February 2020
Special Focus

2020 Forecast - U.S. reserves

U.S. reserves reach new record-high
Staff / World Oil

According to the U.S. Energy Information Administration (EIA), U.S. oil and natural gas proved reserves increased to yet another record-high in 2018. This correlated with a 17% increase in U.S. crude oil and lease condensate production, as well as a 12% increase in total U.S. natural gas production. This is largely due to another year of stronger oil and gas prices, the EIA said.

From the late 1970s through the late 1990s, natural gas and crude oil reserves maintained a steady downward trend. Around 1997, however, this changed, due to several new innovations in horizontal drilling and hydraulic fracturing techniques. In recent years—from 2016 to year-end 2018—the EIA reported that prices and reserves have been trending upward.

Crude oil proved reserves increased 11.7%, from 39.2 Bbbl at year-end 2017 to 43.8 Bbbl at year-end 2018. This was an increase of 4.6 Bbbl from the previous record set in 2017. Proved reserves of lease condensate increased 14.3%, from 2.8 Bbbl at year-end 2017, to 3.2 Bbbl at year-end 2018. Adding lease condensate to crude oil yields total liquids proved reserves of 47.1 Bbbl, a 12.1% increase over year-end 2017.

In Texas, alone, producers added 2.3 Bbbl of crude oil and lease condensate proved reserves—a 13.2% increase from 2017. It was a result of increased prices and development in the Permian basin. This was the largest net increase of all states during 2018. After Texas, the next largest net gains in crude oil and lease condensate proved reserves were in New Mexico (750 MMbbl) and North Dakota (422 MMbbl), which saw 27.9% and 7.7% increases from 2017, respectively. Conversely, Louisiana saw the largest net decline in proved reserves during 2018, a 32-MMbbl decrease (-6.2%) in crude oil and lease condensate proved reserves.

The EIA reported that operators saw the largest volume of extensions and discoveries of crude oil and lease condensate proved reserves in the past decade during 2018.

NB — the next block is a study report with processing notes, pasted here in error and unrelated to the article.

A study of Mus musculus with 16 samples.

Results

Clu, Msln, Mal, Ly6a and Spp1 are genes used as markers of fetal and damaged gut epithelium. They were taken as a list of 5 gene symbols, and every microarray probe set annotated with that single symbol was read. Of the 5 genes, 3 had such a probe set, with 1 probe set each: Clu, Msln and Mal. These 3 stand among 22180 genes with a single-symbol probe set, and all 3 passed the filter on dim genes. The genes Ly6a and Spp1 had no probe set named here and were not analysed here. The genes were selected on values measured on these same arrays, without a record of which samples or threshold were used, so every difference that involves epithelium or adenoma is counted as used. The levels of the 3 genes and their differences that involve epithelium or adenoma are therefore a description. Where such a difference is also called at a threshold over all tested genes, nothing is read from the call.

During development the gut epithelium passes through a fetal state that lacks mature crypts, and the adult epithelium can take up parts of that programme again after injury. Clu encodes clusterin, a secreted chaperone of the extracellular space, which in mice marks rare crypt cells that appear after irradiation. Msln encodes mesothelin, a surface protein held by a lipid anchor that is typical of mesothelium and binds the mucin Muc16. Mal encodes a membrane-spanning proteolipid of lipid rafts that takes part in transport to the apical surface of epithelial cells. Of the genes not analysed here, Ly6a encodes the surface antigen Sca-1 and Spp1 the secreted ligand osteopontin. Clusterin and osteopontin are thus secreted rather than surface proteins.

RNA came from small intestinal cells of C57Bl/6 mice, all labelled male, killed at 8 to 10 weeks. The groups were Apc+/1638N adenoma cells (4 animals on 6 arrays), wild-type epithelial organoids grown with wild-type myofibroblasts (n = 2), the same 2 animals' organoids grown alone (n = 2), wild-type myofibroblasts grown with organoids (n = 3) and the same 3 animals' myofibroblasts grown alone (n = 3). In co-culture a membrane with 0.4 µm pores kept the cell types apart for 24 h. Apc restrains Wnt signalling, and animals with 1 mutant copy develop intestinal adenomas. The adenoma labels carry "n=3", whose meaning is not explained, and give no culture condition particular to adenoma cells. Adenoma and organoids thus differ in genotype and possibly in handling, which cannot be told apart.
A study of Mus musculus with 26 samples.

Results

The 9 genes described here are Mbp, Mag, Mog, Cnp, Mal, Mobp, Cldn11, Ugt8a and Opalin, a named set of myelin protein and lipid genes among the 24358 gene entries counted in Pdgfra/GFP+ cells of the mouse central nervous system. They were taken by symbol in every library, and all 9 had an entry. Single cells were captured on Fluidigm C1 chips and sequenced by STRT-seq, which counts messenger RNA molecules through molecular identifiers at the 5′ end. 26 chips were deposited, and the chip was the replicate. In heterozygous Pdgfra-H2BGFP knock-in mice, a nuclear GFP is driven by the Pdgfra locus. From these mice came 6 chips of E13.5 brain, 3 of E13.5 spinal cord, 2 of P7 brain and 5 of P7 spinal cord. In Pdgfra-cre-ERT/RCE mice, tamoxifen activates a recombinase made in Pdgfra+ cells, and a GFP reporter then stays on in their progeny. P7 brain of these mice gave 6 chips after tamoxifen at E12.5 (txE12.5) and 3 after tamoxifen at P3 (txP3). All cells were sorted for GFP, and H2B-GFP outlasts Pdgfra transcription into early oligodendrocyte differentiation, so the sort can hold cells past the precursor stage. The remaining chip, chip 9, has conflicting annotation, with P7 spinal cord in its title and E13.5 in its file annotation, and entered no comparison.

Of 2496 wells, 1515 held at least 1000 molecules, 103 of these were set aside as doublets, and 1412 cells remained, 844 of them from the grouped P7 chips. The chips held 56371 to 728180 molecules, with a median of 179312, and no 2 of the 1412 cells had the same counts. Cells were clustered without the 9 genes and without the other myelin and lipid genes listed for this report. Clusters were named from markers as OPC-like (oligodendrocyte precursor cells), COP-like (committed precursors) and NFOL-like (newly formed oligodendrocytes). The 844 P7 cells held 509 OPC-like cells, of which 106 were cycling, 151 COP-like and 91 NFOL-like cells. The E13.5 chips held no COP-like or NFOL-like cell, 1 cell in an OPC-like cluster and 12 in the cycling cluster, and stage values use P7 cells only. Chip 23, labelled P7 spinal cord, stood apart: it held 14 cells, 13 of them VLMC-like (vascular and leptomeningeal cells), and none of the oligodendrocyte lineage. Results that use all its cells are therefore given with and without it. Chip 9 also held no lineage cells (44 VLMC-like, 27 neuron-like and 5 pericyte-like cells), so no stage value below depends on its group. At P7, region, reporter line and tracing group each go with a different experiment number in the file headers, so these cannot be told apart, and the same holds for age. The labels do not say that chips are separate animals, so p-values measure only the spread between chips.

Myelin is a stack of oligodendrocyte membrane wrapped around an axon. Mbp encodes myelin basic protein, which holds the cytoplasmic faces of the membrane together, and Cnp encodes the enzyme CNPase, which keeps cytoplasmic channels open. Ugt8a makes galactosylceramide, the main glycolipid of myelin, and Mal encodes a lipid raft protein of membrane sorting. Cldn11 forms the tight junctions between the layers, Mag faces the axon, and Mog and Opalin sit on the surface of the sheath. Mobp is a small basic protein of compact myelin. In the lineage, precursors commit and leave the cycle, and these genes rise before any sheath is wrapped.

Natural gas proved reserves also increased 8.7%, from 464.3 Tcf at year-end 2017 to 504.5 Tcf at year-end 2018. This, too, was another U.S. record for total natural gas proved reserves. The previous record was set in 2017. Likewise, natural gas proved reserves from shale increased from 66% of total U.S. gas proved reserves in 2017 to 68% at year-end 2018.

Proved natural gas reserves increased in five of the top eight U.S. natural gas reserves states in 2018. Three of the eight largest gas reserves states reported a net decrease in proved reserves in 2018—Louisiana, Colorado and Ohio. The EIA attributed this decrease to net downward revisions to natural gas proved reserves in 2018, despite each reporting an increase in proved reserves greater than 9 Tcf during the previous year.

The largest net increase of natural gas proved reserves was in Texas, where producers added 22.9 Tcf (+19.9%). This was a result of increased prices and development in the Wolfcamp/Bone Spring shale play. The next largest net gains in natural gas proved reserves by volume in 2018 were in Pennsylvania (14.1 Tcf) and New Mexico (4.2 Tcf), increases of 15.6% and 20.3%, respectively. These gains were a result of development in the Marcellus shale play and in the Appalachian basin, as well as the Wolfcamp/Bone Spring shale play in eastern New Mexico.

The EIA’s report estimates U.S. proved reserves of crude oil and lease condensate and proved reserves of natural gas at the end of 2018. According to the EIA, proved reserves are estimated volumes of hydrocarbon resources that analysis of geologic and engineering data demonstrates with reasonable certainty are recoverable under existing economic and operating conditions.